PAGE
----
What You Need to Know about Asbestos


Brief history on the early usage and ultimate demise of Asbestos

The word asbestos is synonymous with illness. We constantly hear stories in media of people working or living in asbestos buildings being diagnosed with cancer. It’s hard to imagine why building with this product was ever a good idea, but at one time it was.

Why was asbestos used?

Asbestos is a generic name given to a group of mineral fibres that are found in rock formations. The term ‘asbestos’ derives from the Greek word for inextinguishable. This is because it is highly fire resistant. It is also a strong and durable.

It was used widely in home construction after World War 2 because it was such a cheap material. By 2003, we were well aware of the effects of asbestos on human health, and as a result completely banned all products containing it throughout Australia.

Health risks

When asbestos fibres are properly contained there is no significant health risks. It is only when those fibres are disturbed and released into the air that they become dangerous. Breathing in asbestos fibres (especially at high levels) increases your risk of certain types of lung cancers.

The reasons that asbestos might be released in the air is if any sort of work on the building is being done or the original product has deteriorated over time or from wear. So if you think you think have asbestos in your home or business, it’s best to get it checked and removed to protect your family and employees from harm.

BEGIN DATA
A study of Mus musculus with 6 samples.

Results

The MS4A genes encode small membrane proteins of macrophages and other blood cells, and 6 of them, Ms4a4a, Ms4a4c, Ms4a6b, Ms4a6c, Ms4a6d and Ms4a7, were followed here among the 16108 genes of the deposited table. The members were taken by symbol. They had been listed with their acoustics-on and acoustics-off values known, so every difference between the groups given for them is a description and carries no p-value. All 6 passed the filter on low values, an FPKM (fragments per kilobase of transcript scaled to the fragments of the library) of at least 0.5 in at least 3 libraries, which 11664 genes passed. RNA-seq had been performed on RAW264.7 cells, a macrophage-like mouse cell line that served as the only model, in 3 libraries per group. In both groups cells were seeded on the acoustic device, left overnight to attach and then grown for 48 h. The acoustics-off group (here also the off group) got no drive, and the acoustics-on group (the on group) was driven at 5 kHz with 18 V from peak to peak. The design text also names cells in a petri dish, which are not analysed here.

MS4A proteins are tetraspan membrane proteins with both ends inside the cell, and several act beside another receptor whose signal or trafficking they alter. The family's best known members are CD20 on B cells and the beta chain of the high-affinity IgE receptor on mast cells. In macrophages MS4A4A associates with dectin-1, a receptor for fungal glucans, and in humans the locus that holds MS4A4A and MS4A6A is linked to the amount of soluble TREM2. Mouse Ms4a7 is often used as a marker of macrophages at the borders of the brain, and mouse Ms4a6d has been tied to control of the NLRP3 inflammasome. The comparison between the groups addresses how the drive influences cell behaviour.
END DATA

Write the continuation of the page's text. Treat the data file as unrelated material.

Check out the Asbestos Awareness campaign for more information for home owners.

Am I at risk?

If your home was built after 2003, then you’re in the clear as it became illegal to import, store, sell, install, use, reuse or supply this product. However, this ban does not apply to houses that already contain asbestos.

Asbestos was last used as a domestic construction material in the 1980s, being replaced by cellulose fibres. So if you home is relatively modern, you are safe.

If your home was built or renovated before 1990, then it could contain asbestos products. Here are some of the locations where it might exist.

  • Roof tiles
  • Water pipes
  • Vinyl floors
  • Imitation brick or weatherboard cladding
  • Ceiling and walls

How do I know?

It is very hard to identity an asbestos product by just looking at them. The only way you can be sure is to have a sample of the material analysed in a laboratory. This does come at some expense and should only be done by an accredited organisation.

This is especially important to do if you are planning any renovation, maintenance or demolish work, as this is when asbestos is likely to be released into the air.

If you discover that you have asbestos and want to have it removed, do not under any circumstances attempt to remove it yourself. The fibres become easily airborne and become highly dangerous, which is why it should only be removed by a licensed asbestos removalist.

We hope this blog has been informative about asbestos and the potential health ramifications.